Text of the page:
Simone McCallum takes a look at the pros and cons of new(ish) publishing platform Medium.com

Medium.com has been around for a few months. Another brainchild of Twitter founders Evan Williams and Biz Stone, it’s a clean and simple publishing community for posts longer than Twitter’s 140 character limit, but less than a novel. In other words, medium length posts.

The content is arranged in collections – such as Best Thing I Found Online Today, Dear (blank), Food For Thought, IMHO, and many others.

When Medium was launched it was in a closed beta (the only people who like closed betas are people inside closed betas) and publishing access was for a small group, but everyone could read posts. Lately the site has been loosening the reins, slowly letting others start posting on the platform.

I’ve posted on Medium a few times to try it out and here’s what I think:

The bits I like:

• Super easy to use, clean interface and typography, very simple and uncomplicated. No fluffing around with formatting and plugins.
• Readers can add your post into a different category if they like – extending your reach.
• Medium shows you how long (in minutes) it takes to read your post. Great thinking.
• Seamless integration with Twitter (unsurprisingly) – your profile is set up in a couple of clicks or less.
• Commenting is in the form of Notes on each line of your post, rather than at the end of the article.
• You can allow other contributors to review your post before it is published (this is also a quick way to get publishing access to Medium).

The bits that need improving:

• No way to search for someone posting on Medium. You can follow a category but not a person and there’s no way of finding their past posts unless you find their Medium profile.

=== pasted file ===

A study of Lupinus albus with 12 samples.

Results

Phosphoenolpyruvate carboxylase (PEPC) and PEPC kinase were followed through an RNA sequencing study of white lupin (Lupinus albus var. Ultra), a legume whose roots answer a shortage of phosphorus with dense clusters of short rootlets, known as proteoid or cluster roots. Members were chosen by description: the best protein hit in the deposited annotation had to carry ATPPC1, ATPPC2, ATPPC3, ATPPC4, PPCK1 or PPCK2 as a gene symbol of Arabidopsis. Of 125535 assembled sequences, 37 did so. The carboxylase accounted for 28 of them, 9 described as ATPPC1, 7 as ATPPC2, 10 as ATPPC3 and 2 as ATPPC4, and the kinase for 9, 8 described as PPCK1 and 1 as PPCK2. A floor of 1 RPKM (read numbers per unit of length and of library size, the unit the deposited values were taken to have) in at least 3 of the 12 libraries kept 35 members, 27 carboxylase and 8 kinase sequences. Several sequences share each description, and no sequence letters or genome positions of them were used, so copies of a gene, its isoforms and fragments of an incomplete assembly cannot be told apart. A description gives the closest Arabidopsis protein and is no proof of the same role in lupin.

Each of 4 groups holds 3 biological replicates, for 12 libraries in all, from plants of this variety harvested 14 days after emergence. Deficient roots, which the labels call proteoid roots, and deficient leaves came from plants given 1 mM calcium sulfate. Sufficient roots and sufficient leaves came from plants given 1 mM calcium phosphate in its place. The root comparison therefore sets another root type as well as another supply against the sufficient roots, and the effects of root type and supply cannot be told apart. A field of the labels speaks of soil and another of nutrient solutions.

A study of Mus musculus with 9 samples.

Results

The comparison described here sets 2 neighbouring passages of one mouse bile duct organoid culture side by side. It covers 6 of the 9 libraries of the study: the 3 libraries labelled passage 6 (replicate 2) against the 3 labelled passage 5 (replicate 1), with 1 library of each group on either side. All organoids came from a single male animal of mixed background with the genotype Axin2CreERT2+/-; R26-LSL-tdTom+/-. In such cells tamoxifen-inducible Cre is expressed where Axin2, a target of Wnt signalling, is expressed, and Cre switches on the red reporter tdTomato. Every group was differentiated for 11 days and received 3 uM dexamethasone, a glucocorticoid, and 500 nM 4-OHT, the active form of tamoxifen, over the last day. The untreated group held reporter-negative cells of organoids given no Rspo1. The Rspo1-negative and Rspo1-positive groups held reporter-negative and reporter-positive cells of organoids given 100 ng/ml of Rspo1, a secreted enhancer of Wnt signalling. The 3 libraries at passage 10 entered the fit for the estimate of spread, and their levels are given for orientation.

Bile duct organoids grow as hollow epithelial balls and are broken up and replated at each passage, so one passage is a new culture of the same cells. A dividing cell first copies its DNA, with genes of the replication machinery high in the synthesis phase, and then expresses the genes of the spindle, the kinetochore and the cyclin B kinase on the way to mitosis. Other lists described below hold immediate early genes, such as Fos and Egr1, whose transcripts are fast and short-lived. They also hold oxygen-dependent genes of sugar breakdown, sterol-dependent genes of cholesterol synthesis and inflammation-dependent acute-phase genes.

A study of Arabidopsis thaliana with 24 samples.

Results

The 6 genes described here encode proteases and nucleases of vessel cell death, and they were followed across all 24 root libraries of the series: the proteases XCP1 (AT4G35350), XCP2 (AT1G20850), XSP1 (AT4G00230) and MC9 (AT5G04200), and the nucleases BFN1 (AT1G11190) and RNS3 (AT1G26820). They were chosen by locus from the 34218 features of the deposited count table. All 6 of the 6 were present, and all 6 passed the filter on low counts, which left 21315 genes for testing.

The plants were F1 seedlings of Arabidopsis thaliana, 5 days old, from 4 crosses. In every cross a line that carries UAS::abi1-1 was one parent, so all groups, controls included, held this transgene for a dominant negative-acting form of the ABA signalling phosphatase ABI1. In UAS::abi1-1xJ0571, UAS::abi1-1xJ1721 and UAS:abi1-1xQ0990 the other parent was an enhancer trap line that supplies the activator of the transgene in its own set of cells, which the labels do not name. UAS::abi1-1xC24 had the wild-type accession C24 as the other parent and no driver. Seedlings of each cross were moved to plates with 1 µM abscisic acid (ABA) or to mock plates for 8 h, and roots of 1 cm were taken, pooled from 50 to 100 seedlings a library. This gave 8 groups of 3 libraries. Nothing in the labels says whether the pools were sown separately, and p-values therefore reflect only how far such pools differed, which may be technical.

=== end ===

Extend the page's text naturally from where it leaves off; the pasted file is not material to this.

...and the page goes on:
• Unless you are very popular, it’s difficult to get your post to the top of a category (top posts are voted up by clicking on the Recommend button). This means your post will get lost in the river of stories streaming past – a bit like Twitter really.
• Normal rules of SEO via Google do not seem to apply (no tagging functionality).
•The simple stats available to let you show how many have viewed,  read, commented and recommended your post – but falls for those used to Google Analytics.
• The lack of a support forum is surprising, assistance appears to be via FAQs or email.

As a reader I’ve been loving Medium. I’m consuming new content and articles I wouldn’t have stumbled across before. I set up an RSS feed for the Editors’ Picks category which curates some of the best posts each day.

As a writer I’ve enjoyed the simple interface and uncluttered layout. It will be interesting to watch what happens over time as more and more writers are able to publish on Medium, and without a Follow function how this will impact the reach of the content you write.

Medium is still evolving so it is definitely worth keeping eye on. You can read my posts here over on Medium.

Simone McCallum is a social media strategist at ASB Bank. This post originally appeared on her blog.